The new social platform Minds is hoping to establish its own space in the world of social networks by doing the opposite of what most successful social networks do.
The hook of Minds is twofold: The first is that the network is open source and encrypted. Because the platform is open source, it is designed so that anyone can add to it and improve it, and use it for both building and sharing things. Theoretically, someone could use the Minds social network to build their own social network. Minds also offers end-to-end encrypted messaging which will be opaque to both advertisers and governments. Theoretically, this means that not even the social network itself knows what is in the messages being sent.
Second, you can buy views for your posts with currency garnered from participation in the Minds social network. By viewing, voting, following, and doing the things you normally do on a social network, you will earn points that you can spend on the promotion of your own posts. This is similar to the way Facebook's algorithm works, except much more transparent, with users allowed to actually participate in the process.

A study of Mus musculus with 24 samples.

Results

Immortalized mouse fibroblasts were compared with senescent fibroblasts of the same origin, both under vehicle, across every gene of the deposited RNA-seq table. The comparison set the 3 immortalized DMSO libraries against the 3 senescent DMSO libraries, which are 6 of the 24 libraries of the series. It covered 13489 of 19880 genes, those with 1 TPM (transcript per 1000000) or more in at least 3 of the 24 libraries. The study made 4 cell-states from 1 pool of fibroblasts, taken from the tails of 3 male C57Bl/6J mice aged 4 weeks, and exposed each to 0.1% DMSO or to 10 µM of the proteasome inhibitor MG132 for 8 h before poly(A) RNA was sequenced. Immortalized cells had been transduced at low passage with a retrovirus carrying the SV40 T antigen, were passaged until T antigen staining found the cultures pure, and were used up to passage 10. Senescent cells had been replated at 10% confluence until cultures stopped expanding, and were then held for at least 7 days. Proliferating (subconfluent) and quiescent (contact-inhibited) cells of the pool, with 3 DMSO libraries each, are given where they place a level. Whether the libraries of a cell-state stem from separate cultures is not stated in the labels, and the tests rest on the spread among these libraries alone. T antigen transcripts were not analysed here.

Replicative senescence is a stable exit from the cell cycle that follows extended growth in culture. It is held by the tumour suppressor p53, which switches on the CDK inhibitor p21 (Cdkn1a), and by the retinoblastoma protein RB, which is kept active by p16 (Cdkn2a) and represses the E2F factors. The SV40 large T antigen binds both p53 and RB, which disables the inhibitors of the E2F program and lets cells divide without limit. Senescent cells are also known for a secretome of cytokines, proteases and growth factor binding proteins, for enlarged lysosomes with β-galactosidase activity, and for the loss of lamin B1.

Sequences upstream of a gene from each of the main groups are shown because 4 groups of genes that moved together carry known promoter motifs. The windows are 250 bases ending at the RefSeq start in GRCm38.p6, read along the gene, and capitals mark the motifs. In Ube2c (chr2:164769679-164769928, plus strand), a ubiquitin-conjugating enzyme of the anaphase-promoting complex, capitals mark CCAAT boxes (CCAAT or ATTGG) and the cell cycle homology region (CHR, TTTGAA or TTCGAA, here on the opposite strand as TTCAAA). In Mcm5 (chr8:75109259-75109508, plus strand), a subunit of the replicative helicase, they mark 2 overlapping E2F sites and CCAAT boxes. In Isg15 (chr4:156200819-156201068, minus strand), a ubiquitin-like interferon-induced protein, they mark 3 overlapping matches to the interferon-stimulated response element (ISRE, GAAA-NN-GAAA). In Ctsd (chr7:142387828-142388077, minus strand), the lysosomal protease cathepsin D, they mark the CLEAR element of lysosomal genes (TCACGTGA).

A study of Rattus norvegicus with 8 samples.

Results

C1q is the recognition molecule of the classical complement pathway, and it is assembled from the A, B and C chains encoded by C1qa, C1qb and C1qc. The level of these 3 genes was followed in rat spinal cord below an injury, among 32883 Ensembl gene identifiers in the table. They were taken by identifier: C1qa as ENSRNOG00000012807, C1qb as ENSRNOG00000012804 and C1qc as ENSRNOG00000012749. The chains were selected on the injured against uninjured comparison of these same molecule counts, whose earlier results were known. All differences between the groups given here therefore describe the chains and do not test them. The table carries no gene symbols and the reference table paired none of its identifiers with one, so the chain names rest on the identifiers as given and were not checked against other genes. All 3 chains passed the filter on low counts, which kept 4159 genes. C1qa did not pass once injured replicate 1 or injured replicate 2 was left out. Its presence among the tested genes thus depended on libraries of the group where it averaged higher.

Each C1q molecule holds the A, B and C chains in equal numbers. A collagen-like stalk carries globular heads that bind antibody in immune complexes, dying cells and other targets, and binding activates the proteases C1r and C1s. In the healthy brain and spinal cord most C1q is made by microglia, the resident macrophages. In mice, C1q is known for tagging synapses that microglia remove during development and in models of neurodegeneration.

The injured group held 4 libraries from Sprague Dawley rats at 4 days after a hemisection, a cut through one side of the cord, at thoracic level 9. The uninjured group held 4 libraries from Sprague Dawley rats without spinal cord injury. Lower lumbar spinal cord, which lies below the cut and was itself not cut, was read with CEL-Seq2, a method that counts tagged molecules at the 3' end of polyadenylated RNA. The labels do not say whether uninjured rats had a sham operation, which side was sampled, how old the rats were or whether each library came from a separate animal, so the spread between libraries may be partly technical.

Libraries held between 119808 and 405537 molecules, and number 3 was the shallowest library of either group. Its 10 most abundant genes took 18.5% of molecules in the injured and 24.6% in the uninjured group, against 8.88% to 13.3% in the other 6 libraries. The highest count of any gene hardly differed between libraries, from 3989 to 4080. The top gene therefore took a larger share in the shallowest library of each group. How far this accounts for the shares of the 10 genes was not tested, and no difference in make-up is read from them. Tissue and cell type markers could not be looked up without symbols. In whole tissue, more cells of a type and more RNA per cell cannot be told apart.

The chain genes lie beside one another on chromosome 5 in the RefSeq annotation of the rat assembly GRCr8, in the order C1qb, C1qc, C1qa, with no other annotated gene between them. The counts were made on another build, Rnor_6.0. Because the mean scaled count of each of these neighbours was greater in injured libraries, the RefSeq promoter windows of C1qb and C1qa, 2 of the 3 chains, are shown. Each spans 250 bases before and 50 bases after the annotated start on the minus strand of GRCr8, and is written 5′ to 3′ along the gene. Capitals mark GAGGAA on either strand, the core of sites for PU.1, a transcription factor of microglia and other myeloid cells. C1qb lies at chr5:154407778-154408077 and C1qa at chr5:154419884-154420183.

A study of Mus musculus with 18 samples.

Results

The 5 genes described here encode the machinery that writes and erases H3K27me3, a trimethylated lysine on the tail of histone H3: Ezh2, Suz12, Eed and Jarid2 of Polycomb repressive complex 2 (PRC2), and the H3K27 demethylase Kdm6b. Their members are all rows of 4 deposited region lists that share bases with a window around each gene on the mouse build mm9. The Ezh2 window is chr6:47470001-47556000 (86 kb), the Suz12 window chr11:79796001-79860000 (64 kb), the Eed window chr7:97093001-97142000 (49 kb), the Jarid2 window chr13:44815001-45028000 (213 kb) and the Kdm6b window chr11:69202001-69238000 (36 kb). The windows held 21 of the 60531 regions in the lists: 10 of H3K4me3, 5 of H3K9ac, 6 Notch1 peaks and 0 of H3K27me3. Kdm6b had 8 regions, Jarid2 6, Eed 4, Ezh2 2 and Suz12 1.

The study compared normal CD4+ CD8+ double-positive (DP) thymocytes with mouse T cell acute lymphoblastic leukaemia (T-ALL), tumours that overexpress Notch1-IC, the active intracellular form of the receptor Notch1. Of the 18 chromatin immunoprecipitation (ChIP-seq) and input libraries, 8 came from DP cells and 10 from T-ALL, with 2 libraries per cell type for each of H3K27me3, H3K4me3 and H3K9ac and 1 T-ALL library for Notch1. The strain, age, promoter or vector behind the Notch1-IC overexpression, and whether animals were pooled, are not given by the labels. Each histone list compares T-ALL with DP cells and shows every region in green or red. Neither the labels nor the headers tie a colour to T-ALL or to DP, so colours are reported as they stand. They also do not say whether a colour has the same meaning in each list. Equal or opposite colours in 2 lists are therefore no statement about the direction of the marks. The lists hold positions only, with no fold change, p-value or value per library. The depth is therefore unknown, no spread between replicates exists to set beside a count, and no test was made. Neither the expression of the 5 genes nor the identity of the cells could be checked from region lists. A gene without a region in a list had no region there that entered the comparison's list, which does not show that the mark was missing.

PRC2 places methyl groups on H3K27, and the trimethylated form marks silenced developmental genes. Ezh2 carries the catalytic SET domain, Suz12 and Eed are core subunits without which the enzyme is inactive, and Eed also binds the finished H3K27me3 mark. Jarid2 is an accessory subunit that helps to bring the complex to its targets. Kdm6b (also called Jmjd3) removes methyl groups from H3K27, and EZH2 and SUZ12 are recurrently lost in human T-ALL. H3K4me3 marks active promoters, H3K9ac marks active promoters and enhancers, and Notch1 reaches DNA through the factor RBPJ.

What seems to be getting Minds a lot of attention at the moment is the fact that is has the support of the internet collective Anonymous. (The Independent's article on Minds even opens with a picture of a few Guy Fawkes-masked Anon members.) A large Anonymous-related website recently called for its 1 million+ members to support the fledgling social network, as its policies align with the goals of the internet collective.
The question I have about Minds is a straightforward one: How could this thing possibly survive as a business? Large social networks make money through targeted ads, and the ability to sell the demographic information of its users. This isn't the only revenue stream social networks have, but is often the most lucrative one. If Minds gains any kind of traction in the social networking industry, it will have to find alternative ways to fund itself. Initial funding and angel investments will only get you so far.
This isn't the first time buzz has arisen over the possibility of a new site dethroning the current reigning social networks (hi and bye, Ello!) and while Minds will almost certainly not be the new social king, it could live a good life as a healthy alternative.